Jul 14, 2017

UK financial watchdog proposes new rules to bring Saudi Aramco IPO to London

Europe
Middle East
Oil & Gas
James Henderson
3 min
The Financial Conduct Authority (FCA) is pressing ahead with plans to change the current laws to allow Saudi Aramco to choose London to host...

The Financial Conduct Authority (FCA) is pressing ahead with plans to change the current laws to allow Saudi Aramco to choose London to host its Initial Public Offering (IPO), which has been tipped to smash all previous records.

The world’s leading stock exchanges are vying for the right to hold the IPO, which analysts have said could raise as much as $2 trillion, a the energy giant looks to sell off 5% of its assets to boost its coffers that have been hit by more than two years of stubbornly low oil prices.

Under the current rules, companies must sell at least 25% of their shares to gain a ‘premium’ status, far below that being sold by Aramco.

But the City watchdog has launched a consultation on proposals to create a new category within its premium listing regime to cater for companies controlled by a shareholder that is a sovereign country.

If passed, the new rules would allow London Stock Exchange to host the ‘IPO of the Millennium’.

The proposal will address companies controlled by a shareholder that is a sovereign country, as is the case with Saudi Aramco, which is wholly owned by the Saudi’s powers-that-be.

Andrew Bailey, FCA Chief Executive, said: “Regulatory protections for investors lie at the core of the listing regime. However, it is important that these protections remain well-targeted. Refining the listing regime in this way would make UK markets more accessible whilst ensuring that the protections afforded by our premium listing regime are focused and proportionate.


The plans are bound to cause controversy and leading figures in the finance world have already warned against such a move, as even at 5% the value of the shares would mean that mean the stock would automatically become a significant part of many passive equity funds. In June, Ashley Hamilton Claxton, Corporate Governance Manager, at Royal London, said that any Aramco IPO “must play by the rules”.

“Any attempt to bend the listing rules in order to facilitate the IPO of Saudi Aramco is highly inappropriate and flagrantly ignores the principles which the UK’s listing rules were designed to defend.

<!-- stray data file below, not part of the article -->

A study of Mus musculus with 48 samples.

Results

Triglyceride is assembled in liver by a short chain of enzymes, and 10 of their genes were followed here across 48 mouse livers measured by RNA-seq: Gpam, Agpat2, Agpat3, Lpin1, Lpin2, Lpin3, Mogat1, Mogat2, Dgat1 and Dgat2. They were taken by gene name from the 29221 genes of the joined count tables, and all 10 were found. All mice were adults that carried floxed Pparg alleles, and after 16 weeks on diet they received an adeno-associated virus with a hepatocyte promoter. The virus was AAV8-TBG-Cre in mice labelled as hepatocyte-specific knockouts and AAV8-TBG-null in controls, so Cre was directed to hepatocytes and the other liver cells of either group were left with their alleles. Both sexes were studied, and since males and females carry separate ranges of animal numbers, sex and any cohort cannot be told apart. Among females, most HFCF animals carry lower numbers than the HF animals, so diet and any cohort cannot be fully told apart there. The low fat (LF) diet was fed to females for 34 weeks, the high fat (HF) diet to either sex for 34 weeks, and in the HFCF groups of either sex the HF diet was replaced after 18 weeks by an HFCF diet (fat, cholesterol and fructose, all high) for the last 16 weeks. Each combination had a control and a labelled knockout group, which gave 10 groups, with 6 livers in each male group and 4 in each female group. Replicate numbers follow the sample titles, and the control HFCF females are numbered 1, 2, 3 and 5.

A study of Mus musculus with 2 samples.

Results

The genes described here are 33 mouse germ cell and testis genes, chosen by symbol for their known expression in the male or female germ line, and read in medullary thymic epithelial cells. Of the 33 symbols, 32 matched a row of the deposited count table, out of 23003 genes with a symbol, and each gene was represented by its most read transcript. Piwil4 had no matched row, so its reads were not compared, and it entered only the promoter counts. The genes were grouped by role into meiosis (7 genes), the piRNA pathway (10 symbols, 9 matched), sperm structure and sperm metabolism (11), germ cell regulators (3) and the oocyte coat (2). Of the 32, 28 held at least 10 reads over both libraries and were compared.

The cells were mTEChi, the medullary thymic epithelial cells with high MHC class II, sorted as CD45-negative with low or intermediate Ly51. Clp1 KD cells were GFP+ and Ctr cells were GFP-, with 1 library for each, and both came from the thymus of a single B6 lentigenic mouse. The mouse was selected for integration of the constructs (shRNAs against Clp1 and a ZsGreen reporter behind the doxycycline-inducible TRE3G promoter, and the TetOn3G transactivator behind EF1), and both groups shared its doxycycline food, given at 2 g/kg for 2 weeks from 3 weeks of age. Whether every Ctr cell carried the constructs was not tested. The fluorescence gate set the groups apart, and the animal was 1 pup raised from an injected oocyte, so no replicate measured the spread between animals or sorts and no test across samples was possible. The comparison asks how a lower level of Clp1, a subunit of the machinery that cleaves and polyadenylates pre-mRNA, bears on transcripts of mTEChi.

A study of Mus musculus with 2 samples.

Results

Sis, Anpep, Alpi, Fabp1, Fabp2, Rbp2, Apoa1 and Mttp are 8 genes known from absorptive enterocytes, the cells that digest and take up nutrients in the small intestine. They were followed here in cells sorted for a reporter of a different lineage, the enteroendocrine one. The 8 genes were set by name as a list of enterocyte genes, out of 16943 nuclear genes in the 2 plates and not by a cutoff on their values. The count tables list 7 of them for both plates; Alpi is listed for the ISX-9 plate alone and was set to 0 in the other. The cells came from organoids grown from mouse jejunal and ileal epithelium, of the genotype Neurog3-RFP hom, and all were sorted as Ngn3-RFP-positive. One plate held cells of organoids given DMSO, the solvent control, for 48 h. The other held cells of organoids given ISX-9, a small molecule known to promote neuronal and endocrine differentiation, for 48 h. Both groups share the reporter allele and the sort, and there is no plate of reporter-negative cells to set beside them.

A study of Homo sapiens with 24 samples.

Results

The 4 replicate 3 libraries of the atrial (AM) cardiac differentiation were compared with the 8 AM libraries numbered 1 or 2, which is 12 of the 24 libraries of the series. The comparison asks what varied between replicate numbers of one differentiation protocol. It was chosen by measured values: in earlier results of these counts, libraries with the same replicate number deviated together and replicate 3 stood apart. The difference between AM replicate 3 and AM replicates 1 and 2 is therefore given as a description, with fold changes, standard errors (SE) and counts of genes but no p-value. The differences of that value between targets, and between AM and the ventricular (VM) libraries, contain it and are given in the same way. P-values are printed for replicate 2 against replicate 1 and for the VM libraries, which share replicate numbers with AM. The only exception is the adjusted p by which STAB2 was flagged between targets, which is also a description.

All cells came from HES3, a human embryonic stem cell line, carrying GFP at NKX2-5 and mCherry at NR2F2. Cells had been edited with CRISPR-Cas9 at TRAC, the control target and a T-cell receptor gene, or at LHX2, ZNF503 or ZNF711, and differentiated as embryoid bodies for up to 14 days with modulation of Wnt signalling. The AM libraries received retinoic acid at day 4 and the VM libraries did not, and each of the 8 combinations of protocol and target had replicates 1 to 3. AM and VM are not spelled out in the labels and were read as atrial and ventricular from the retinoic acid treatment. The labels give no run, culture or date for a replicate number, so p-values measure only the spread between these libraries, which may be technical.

“While the listing would be a prize asset on the exchange due to the sheer size of the firm, the attempt to list just 5 percent of the total share capital flies in the face of what is acceptable.”

Hamilton added that Royal London would be lobbying strongly against any concessions being granted should there be a formal attempt to IPO Aramco in the UK.

The FCA has asked for responses to its consultation by 13 October, and has indicated that it will look to publish responses before the end of the year.


Global Offshore rebrands Enelift and invests in global hubs

Tubulars
rebrand
Globalhubs
Dominic Ellis
2 min
Enelift plans to augment existing solutions with robotics and remote operational and training technology

Global Offshore has rebranded Enelift and will invest "a seven-figure sum" in establishing new support hubs in Houston, Dubai, Singapore, Perth and the Caspian during the next six months.

The investment will cover oil, gas and renewables, mainly concentrating on manufacturing capability with associated R&D, as well as in stock held in the hubs.

The company’s flagship Hinge Lok technology provides aluminium, non-welded light weight transportation cradle for casing and tubing. Enelift now plans to enhance its offering by augmenting its existing solutions with robotics and remote operational and training technology, which will reduce manpower for handling offshore equipment that is transported and stored using the Hinge Lok system.

Enelift is partnering with "a Japanese robotics company" and the technology will be trialed with "a Norwegian operator on a Norwegian drilling rig", according to a statement.

Operating from its bases in Aberdeen, UK and Esbjerg, Enelift was founded by 35-year industry veteran and Managing Director Paul Brebner 10 years ago to offer the offshore energy industries safe, reliable and efficient storage and transportation of equipment.

The expansion plans are bolstered by the appointment of Jim Clark of the Craigendarroch Group to Chairman, and Adam Maitland to Non-Executive Director. Maitland is the Managing Director of Hutcheon Mearns IF, and brings his wealth of expertise in the field of corporate finance.

Brebner said Enelift may be a new name in the market, but the experience it brings is "industry renowned".

"Our solutions are underpinned by safety that enables inefficiencies and their associated costs to be eradicated – meaning operational personnel can focus doing what they do best, safely. We remain committed to providing the safest storage and transportation solutions for equipment in the sector as we grow our global operations," he said.

Clark said the market is changing and its solutions fully support customers’ economic and safety aspirations.

"We are very well placed to take full advantage of increasing opportunities in the Middle East, Africa, Far East and Americas. Safety is our absolute commitment to our customers and our support hubs will facilitate this. Aligning our identity to our entire offering ensures that we will drive our expansion through new products and global support sites across the rest of this year."